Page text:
Is Monthly Rent Tax Deductible?

by Kevin Boone ; Updated July 27, 2017
Rent may be deductible if you have a home office or business.

Not only is rent tax-deductible, but indirect expenses for the upkeep of the home are deductible as well. These expenses include utilities like gas, electric and water, renter and equipment insurance, and garbage and cleaning services. It is important to keep records, statements, figures used for calculating area, receipts and other supporting documentation to substantiate claims for deductions.

Business Functions

If you meet patients, clients or customers, carry out administrative and managerial tasks, or store inventory at your own home, you may deduct rental and household business expenses. Administrative and management duties include bookkeeping, record keeping, billing, ordering supplies, setting up appointments and writing reports.

Considerations

If you are self-employed, use Form 8829, Expenses for Business Use of Your Home. If you work for an employer, you may need to file Form 2106, Unreimbursed Business Expenses, and itemize these deductions on Form 1040 Schedule A, for any amount exceeding 2% of your adjusted gross income. You cannot deduct personal expenses. For daycare facilities, unless exempt, you must have a state-approved license and certifications and meet state and local laws in your area.

Limitations

With the exception of inventory storage and daycare facilities, the area must be used exclusively for business. All areas must be used regularly for business; you must have no other location to conduct business. The business portion of rent must be prorated according to the total living area, calculated by dividing business square feet by total area. For daycare, the area is further prorated according to the time it is used for business, by dividing hours the area is used for day care over the total number of hours per year.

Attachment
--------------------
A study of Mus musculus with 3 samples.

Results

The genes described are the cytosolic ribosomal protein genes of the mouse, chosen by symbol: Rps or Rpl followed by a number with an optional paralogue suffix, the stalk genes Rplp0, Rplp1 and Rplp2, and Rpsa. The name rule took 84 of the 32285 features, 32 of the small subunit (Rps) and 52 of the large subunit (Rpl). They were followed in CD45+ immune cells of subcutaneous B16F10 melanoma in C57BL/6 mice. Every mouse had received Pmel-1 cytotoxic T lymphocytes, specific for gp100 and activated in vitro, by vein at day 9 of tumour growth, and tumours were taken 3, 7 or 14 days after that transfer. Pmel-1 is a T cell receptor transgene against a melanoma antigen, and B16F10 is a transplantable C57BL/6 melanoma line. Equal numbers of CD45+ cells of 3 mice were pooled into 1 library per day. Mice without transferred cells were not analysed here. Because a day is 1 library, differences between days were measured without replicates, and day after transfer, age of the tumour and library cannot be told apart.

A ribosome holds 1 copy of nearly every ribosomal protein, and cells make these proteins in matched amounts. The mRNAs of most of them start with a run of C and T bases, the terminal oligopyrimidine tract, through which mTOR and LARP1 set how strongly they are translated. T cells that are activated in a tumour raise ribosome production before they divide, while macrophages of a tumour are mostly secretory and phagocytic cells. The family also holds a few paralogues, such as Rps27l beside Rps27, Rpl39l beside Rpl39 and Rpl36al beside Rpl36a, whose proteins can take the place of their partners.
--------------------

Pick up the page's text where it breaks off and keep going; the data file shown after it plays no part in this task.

Facilities

Rent paid on facilities where you conduct business as well as taxes paid on leased property are tax-deductible as rent. This includes leasing retail, office and manufacturing space. Rent and and leases paid on facilities are not normally prorated.

Example: Home Office and Storage

You rent a 2000-square-foot house. You use an entire 120-square-foot room to store inventory and use a, 80-square-foot portion of your family room as an office. You use 200 square feet, or 10% of the home, for business use -- 200/2000. The monthly bills include rent of $700, utilities of $200, insurance of $50 and garbage service of $50. The rent and indirect expenses total $12,000 per year; so you can take a $1,200 deduction for business expenses for your home -- $840 for rent and $360 for utilities and insurance.

Example: Daycare Facility

You rent for a daycare business, using the kitchen, living room, dining room and a bedroom. The annual cost of rent and indirect expenses is $12,000 The total area is 800 square feet; it is used 10 hours per day, five days per week. The percentage of area you use for business is 40%. The rooms are used 29.7% of the time -- 2,600 hours/8,760 hours in a year. Multiply the area by the time it is used: 40% X $29.7% = 11.88%. The total deduction for daycare use of your home is $12,000 x 0.1188 = $1,425.60.

About the Author

Kevin Boone is a current student at Chattanooga College and graduated from Pellissippi State in 2000 with an associate degree in electrical engineering. He has written safety-related procedures and documents for organizing power system components and holds his A+ Certification for Computers.